The state of Arkansas is roughly divided between the forested mountainous terrain of the Ozark and Ouachita mountains and the flatter delta region of the Mississippi river delta. The forestland of Arkansas makes an ideal environment for growing mushrooms. Commercial mushrooms that can be grown in Arkansas include shitake, oyster, truffles and morel. Although you can plant mushrooms to grow outdoors, growing mushrooms for profit means meeting a demand higher than casual outdoor production will provide. Instead, commercial growers will have to grow mushrooms indoors in a controlled environment to meet the demand of their buyers.

Step 1

Familiarize yourself with the life cycle of the mushrooms that you intend to grow as well as their growth requirements by studying plant pathology textbooks. The University of Arkansas maintains a plant pathology department and can recommend resources.

Step 2

Collect mushroom spores by hanging a mushroom upside down over a Petri dish filled with prepared agar mix. Cover the dish and store between 55 and 80 degrees Fahrenheit for a few days.

Step 3

Place ryegrass seed in a dishpan and fill it with water until the ryegrass seed is completely covered. Soak for 24 hours. Drain and mix one part potting soil with five parts ryegrass seed. Place 2 cups of mix in a 1-quart Mason jar. Fit with filter disk and ring, and sterilize for one hour in a pressure cooker at 15 psi.

Step 4

Remove from cooker, and add agar that has been infected with fungus to your jar. Replace the filter disk, and cover with foil to prevent drying. Shake the jar and store at 70 degrees in a dark place for four to six weeks.

Step 5

Make a substrate mix for growing your mushrooms by mixing two parts sand, three parts potting soil and five parts organic material. Your organic material should be made from eight parts hardwood chips, one part rice hulls, one-half part soybean meal and one-half part peat moss. You can also add powdered limestone to adjust the pH so that it is 7.1.

Step 6

Fill a cake pan with 2 inches of substrate. Saturate with water, and then completely drain. Fill a second cake pan with 2 inches of washed and drained ryegrass seed. Place the substrate pan on top of the ryegrass pan, and place both of them in an oven bag. Place the oven bag in a pressure cooker, and cook at 15 psi for an hour.

Step 7

Mix 1/2 cup of fungus from the jar with the substrate. Reclose the oven bag, and place the substrate in a dark place at around 70 degrees in a dark location with 100 percent humidity. After six weeks, there should be lumpy sclerotia "seeds" on top of the soil.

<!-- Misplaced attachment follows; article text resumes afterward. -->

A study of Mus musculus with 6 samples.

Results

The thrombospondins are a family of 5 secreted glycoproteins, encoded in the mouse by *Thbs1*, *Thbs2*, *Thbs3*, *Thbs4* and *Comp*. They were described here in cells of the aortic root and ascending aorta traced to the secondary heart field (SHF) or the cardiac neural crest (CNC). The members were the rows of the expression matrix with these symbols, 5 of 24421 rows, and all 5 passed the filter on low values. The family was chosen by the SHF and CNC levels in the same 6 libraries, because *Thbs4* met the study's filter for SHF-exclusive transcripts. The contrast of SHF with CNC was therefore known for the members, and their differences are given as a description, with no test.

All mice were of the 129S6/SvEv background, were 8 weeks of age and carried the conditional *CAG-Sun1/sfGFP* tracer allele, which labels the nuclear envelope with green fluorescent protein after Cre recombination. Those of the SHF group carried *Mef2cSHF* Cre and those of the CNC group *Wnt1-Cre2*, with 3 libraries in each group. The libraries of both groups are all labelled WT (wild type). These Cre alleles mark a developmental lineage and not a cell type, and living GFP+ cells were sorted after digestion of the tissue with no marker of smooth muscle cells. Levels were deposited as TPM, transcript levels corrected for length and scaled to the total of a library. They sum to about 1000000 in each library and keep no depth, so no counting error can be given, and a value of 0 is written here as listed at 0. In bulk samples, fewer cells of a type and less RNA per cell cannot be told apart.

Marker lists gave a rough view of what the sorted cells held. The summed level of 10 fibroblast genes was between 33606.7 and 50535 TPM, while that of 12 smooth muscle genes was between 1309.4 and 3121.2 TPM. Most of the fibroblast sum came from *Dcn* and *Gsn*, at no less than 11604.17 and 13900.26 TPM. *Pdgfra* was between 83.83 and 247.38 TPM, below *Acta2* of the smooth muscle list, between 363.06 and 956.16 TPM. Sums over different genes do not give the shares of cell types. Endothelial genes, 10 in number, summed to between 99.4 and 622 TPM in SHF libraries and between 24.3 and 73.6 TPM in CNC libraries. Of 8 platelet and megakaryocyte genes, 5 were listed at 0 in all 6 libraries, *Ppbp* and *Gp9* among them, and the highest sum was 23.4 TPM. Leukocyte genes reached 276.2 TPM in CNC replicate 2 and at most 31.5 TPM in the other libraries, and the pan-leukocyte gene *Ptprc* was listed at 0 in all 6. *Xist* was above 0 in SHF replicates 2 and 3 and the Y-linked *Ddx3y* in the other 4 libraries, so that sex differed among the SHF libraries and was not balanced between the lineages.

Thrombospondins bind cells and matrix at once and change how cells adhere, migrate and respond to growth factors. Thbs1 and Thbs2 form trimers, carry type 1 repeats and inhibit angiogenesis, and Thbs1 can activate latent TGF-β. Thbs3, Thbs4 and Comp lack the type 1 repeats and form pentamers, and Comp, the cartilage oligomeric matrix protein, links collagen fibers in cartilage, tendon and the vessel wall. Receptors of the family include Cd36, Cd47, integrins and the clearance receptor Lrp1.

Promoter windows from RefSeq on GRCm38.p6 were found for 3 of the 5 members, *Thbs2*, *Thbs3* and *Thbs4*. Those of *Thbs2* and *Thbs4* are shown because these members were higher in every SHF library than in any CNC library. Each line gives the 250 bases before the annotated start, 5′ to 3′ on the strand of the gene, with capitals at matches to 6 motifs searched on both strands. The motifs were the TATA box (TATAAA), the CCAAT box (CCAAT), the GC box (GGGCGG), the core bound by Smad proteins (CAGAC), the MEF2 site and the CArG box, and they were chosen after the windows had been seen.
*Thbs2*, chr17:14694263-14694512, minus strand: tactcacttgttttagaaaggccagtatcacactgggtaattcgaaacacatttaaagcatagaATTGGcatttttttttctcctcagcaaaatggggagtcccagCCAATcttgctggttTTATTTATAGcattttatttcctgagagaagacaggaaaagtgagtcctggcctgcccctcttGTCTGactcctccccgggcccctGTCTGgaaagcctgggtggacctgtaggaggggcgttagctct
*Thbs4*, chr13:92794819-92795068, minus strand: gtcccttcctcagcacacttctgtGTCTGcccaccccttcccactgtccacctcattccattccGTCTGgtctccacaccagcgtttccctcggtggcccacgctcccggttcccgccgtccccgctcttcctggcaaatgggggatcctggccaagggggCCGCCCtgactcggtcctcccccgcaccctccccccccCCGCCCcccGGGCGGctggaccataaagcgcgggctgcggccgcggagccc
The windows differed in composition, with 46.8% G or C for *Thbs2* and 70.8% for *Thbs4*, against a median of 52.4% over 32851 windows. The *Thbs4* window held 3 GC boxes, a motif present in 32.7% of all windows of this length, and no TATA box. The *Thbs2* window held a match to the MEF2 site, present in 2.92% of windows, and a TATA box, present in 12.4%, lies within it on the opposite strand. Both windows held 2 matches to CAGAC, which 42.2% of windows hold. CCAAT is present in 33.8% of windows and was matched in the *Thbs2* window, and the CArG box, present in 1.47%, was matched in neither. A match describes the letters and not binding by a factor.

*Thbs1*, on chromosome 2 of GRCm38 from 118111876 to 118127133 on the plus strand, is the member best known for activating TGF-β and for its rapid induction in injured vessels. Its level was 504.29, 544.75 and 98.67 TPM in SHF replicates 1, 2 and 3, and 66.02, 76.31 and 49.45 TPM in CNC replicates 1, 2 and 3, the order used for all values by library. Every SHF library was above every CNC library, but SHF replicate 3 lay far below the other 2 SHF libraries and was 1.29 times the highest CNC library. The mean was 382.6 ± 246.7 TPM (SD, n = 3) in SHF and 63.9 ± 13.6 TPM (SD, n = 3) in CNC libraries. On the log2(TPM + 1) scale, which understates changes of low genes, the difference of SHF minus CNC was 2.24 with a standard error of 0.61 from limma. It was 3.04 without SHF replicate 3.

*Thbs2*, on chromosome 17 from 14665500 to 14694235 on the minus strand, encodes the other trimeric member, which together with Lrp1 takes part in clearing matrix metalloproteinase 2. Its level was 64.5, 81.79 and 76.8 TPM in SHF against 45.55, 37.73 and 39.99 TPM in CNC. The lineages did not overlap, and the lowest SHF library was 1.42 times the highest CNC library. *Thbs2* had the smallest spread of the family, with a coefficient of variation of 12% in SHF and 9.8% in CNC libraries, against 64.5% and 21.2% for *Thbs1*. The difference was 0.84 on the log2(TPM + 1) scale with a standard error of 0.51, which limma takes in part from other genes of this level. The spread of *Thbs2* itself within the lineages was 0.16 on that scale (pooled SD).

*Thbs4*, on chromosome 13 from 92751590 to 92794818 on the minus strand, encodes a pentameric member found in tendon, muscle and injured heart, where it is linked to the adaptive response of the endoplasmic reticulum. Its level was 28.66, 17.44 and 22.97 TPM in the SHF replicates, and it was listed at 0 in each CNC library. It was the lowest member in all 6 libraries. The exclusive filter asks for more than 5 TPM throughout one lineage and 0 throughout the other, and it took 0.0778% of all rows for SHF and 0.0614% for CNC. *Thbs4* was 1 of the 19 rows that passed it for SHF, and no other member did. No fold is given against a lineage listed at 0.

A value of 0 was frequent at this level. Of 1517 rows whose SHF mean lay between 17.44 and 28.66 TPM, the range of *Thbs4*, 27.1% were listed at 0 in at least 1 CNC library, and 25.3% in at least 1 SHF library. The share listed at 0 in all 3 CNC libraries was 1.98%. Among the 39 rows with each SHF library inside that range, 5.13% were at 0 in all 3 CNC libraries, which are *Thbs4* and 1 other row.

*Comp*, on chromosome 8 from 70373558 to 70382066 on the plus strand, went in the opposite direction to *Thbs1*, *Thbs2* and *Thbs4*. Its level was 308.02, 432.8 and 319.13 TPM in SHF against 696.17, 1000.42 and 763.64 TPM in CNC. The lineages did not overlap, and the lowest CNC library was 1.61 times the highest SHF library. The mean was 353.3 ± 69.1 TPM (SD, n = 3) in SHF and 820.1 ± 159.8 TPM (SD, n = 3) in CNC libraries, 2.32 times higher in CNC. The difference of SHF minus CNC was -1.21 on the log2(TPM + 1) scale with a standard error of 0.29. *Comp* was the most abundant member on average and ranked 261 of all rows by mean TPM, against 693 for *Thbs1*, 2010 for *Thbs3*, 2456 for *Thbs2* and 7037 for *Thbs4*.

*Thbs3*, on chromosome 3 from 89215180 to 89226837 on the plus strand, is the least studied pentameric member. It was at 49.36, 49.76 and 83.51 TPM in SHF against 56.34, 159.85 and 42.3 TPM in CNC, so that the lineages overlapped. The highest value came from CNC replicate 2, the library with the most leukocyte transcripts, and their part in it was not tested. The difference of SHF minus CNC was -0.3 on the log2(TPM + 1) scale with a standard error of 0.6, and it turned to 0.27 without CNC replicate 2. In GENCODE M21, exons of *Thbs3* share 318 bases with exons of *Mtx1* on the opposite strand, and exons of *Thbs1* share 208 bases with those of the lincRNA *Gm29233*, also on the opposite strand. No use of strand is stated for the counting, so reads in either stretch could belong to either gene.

Step 8

Remove rye seed tray from bag, and store soil in a refrigerator with temperatures below 40 degrees for two weeks.

Step 9

Remove tray from refrigerator and discard bag. Saturate soil with sterile water for 12 hours. Allow soil to drain for 24 hours. Keep tray in 90 percent humidity with 12 hours of light daily. Mushrooms will germinate in seven days.

Tips and Warnings

  • All equipment used to handle mushrooms and soil should be completely sterilized before it comes into contact with fungus. Unsterile equipment can contaminate your mushrooms, which may harm their growth.

Things You'll Need

  • Mushroom
  • Petri dish
  • Agar mix
  • Dishpan
  • Ryegrass seed
  • 3 aluminum cake pans
  • Pressure cooker
  • Oven bags
  • Glass Mason jar with ring
  • Disk-shaped filter
  • Potting soil
  • Sand
  • Wood chips
  • Rice hulls
  • Soybean meal
  • Peat moss

References

  • The Farm: Mushroom People
  • National Sustainable Agriculture Information Service: Mushroom Cultivation and Marketing
  • University of Maryland Forest Stewardship Education: Shiitake Mushrooms Production and Marketing

Who Can Help

  • University of Arkansas Department of Plant Pathology
Keywords: growing morel mushrooms, commercial mushroom production in Arkansas, raising mushrooms

About this Author

Tracy S. Morris has been a freelance writer since 2000. She has published two novels and numerous online articles. Her work has appeared in national magazines and newspapers, including "Ferrets," "CatFancy," "Lexington Herald Leader" and "The Tulsa World."